Gout is a condition that causes sudden, excruciating pain and swelling in the affected joints particularly the big toe.

It is a metabolic disorder that results in an excessive amount of uric acid in the blood. The uric acid deposits in the joints in the form of crystals, which cause swelling and pain.

Gout can also arise as a result of a diet that is too rich in proteins, fat and alcohol - a common diet in affluent societies and indulgent lifestyles! When the kidneys are unable to excrete the excess uric acid, it may end up getting deposited as solid crystals in the joints.

Other diseases such as diabetes, hypertension, leukaemia and kidney disorders and certain medications can also cause gout.

If left untreated, the joints may be damaged resulting in deformity and restricted mobility even after an acute attack has subsided.

What happens to the joints in gout?

Purine, a chemical compound found in most foods, is metabolised and degraded in our bodies into uric acid which is then passed out in the urine. In some people, there is an abnormality in the metabolism, which leads to high levels of uric acid in the blood - far more than what the kidneys can excrete into the urine.

The excess uric acid in the blood is deposited as uric acid crystals in the joint cartilage, tendons and other tissues. The uric acid crystals irritate the synovial membrane that covers the joints, resulting in redness, pain and swelling. The joints commonly affected by gout are the big toe, foot, ankle, heel, instep and knee. Gout rarely affects joints of the upper limbs like the fingers or wrists.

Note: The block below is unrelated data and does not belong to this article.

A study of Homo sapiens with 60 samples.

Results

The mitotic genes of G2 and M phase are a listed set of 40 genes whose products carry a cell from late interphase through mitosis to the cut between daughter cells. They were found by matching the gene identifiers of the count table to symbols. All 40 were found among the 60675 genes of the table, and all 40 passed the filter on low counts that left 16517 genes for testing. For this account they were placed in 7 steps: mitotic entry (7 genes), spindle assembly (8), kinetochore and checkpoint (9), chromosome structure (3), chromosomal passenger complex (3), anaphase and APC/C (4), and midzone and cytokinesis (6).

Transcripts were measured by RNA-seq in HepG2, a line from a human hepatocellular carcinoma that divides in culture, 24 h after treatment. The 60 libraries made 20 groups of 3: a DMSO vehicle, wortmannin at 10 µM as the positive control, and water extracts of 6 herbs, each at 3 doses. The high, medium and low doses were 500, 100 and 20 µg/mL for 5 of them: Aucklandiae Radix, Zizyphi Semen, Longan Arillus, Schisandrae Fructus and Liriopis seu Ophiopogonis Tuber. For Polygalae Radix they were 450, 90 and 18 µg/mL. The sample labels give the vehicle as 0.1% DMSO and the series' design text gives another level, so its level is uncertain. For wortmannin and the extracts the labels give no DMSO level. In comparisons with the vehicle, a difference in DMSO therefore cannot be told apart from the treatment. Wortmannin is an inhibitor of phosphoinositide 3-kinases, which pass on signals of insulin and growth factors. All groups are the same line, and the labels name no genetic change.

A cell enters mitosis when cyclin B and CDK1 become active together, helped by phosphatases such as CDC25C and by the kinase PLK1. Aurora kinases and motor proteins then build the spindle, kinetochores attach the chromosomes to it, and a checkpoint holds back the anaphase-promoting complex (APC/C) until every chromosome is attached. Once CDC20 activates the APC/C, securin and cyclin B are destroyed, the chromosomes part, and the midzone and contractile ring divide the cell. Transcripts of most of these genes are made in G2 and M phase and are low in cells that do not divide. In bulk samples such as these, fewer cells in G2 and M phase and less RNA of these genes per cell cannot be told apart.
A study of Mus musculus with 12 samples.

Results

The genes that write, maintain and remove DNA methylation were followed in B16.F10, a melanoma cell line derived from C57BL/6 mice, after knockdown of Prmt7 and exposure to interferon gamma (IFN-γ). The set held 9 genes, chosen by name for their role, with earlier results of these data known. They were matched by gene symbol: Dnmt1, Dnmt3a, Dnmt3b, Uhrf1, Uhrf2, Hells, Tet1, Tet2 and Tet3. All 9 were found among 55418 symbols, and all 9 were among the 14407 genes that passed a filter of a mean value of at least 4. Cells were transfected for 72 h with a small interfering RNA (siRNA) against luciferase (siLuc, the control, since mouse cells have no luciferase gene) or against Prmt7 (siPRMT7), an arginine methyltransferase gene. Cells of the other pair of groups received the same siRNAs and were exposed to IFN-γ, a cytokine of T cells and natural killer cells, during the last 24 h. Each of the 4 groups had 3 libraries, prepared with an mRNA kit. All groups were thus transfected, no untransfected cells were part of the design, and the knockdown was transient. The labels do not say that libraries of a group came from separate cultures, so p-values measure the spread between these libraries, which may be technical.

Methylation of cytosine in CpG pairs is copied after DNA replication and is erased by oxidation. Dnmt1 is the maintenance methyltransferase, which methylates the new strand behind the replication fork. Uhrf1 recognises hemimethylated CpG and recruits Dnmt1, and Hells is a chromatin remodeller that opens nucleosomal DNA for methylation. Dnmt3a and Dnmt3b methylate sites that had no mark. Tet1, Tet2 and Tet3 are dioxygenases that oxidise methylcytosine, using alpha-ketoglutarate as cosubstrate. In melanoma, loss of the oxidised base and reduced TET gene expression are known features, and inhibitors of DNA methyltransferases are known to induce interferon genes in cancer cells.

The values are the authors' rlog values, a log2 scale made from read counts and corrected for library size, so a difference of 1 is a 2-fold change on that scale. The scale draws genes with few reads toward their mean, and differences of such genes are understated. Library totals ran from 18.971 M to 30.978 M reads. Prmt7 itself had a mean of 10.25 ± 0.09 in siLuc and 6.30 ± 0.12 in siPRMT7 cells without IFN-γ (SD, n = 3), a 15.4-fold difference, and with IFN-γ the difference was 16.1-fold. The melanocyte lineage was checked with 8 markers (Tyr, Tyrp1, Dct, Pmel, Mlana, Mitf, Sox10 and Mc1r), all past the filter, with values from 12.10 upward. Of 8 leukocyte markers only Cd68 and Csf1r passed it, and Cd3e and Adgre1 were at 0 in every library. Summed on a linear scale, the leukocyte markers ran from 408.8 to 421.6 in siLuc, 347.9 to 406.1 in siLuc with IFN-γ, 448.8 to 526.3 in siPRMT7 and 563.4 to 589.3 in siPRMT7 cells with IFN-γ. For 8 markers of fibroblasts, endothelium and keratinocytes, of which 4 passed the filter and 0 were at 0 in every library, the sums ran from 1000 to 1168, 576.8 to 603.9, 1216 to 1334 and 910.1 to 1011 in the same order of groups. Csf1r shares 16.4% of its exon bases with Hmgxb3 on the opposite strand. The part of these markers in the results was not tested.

What are the symptoms of gout?

The first sign of a gout attack is a sudden, warm throbbing of the affected joint. Within a few hours, this can rapidly escalate into excruciating pain, accompanied by swelling and redness of the joint.

During this period, the skin around the joint will also be very tender, sensitive and sore, setting off extreme pain at the slightest touch. Patients with an acute attack find walking very difficult and painful.

In the chronic stage patients may have chronic pain, reduced function of the involved joint and occasionally extremely large deposits of uric acid crystals or tophi in the joints or other tissues. Many patients with chronic gout have reduced kidney function or kidney failure and hypertension.